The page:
Birdwatching Canada

A voice for the northern birds

Gull Acrobatics

Well I’m a happy camper today. Bird watching yesterday gave me my first look at returning gulls. Granted, they were too high for me to make a species identification, but they were definitely gulls. And right on schedule. As I live next to the Bow River in Calgary, Alberta, I’ve been tracking their return dates for many years. With very little variation, they return every March between the 11th and the 15th.

Their numbers will gradually increase on the river, with much squawking and squabbling. If things proceed as they have the past few years, in a couple of weeks there will be hundreds of them, and then they partake of a strange ritual that has intrigued me every year.  Starting around dusk, huge groups will start circling over a particular area, calling all the while. Multiple circles rise, then drop down but continue to circle for hours. Their loud noise generally forces nearby home owners to grab their earplugs, as the birds keep this up until the wee hours of the morning.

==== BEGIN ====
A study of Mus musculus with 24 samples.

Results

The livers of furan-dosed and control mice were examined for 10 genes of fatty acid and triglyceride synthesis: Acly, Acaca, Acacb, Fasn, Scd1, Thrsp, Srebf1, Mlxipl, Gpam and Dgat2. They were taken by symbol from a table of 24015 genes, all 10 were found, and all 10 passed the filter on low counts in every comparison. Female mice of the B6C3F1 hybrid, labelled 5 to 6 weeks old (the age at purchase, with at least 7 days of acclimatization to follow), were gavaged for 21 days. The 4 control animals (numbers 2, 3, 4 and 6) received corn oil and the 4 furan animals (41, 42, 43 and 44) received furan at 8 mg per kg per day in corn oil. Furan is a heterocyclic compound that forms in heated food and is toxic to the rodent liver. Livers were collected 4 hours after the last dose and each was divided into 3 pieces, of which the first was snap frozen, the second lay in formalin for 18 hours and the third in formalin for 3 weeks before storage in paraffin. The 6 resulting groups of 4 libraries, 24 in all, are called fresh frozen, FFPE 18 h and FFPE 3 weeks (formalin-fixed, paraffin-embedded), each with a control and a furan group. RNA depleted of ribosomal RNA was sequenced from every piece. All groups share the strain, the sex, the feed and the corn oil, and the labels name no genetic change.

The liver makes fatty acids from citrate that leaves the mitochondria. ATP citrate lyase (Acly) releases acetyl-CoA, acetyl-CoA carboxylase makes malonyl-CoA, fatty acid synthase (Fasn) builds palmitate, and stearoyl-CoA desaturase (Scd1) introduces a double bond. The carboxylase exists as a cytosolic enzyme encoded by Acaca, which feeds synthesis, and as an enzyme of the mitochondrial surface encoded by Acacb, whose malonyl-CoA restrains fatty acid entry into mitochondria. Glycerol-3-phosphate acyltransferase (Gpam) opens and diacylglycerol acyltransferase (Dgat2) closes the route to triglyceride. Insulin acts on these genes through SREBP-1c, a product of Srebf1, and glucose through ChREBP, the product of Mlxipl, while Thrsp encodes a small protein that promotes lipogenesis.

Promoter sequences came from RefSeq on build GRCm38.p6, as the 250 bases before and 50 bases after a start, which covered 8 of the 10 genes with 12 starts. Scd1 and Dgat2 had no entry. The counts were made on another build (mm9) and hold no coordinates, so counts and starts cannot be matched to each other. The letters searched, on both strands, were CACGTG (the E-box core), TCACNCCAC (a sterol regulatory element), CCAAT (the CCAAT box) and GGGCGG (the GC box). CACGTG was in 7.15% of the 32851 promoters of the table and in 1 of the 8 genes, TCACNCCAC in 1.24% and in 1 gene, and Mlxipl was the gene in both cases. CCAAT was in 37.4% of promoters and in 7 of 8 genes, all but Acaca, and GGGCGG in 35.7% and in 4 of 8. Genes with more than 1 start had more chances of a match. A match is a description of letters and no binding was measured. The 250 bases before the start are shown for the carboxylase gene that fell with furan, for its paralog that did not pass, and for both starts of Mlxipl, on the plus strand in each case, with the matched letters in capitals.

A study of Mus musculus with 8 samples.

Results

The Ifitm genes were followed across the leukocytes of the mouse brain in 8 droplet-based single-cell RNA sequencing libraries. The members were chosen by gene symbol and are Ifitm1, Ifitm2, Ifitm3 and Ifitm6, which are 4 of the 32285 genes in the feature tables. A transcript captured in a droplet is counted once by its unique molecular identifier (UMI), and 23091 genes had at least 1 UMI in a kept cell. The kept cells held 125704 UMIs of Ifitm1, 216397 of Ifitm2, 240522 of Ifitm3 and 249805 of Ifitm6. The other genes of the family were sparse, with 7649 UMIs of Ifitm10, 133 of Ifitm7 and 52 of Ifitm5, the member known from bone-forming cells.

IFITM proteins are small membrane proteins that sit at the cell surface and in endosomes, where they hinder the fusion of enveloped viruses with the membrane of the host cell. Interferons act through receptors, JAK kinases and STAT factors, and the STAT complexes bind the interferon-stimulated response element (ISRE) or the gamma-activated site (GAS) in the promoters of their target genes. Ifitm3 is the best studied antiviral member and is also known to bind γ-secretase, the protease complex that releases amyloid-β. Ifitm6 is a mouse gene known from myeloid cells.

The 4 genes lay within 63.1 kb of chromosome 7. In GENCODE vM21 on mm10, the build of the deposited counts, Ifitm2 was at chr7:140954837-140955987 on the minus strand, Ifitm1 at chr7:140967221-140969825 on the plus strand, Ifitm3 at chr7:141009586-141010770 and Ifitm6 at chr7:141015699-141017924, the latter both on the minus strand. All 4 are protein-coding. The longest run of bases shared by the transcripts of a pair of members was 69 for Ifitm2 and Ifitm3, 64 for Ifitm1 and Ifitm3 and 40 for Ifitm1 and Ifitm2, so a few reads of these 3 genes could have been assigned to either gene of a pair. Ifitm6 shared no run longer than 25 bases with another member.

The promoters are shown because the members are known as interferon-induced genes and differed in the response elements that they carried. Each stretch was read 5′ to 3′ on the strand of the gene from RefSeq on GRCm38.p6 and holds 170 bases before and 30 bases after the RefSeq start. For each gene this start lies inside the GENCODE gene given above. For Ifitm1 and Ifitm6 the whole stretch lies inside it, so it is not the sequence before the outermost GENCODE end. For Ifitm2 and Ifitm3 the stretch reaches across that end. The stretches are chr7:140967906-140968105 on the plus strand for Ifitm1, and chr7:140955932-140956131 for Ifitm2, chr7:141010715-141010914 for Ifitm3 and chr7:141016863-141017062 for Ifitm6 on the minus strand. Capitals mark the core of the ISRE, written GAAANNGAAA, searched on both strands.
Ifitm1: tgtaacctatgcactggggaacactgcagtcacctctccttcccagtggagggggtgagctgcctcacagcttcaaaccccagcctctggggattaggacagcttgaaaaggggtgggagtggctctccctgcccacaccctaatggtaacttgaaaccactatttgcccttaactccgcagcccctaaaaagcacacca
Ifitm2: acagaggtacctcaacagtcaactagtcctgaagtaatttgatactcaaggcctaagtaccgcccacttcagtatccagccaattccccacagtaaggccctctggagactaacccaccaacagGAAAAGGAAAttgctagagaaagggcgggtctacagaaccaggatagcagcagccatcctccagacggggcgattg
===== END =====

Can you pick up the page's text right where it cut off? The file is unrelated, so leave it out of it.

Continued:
Ring-billed gull

Ring-billed gull

I’ve been down there birdwatching at 3:00 am, watching circles and circles of hundreds of white birds going round and round in a black sky. I eventually decided it was far easier to just lay down on the ground and watch that way. Not to mention you don’t get dizzy when lying down.

These birds are noisy! More than once during my nocturnal birdwatching I’ve seen men in their housecoats & slippers walk over to see what the commotion was about.  And forget about sleeping with any open windows.

This gull ‘festival’ goes on for a couple of weeks, then as quickly as it started, it’s over and things are quiet again. I’ve checked with many experienced birders regarding this event, and most are as puzzled as I am. One hypothesis though, makes a lot of sense. It was suggested the returning birds are re-forming pair or group bonds after their long migration in the spring. Once the flock cohesion has been established, they then fly away to various breeding locations. This could also explain all the different circles, instead of there being just one big one.

It is most definitely an unusual birdwatching experience, but a sure sign of spring for me.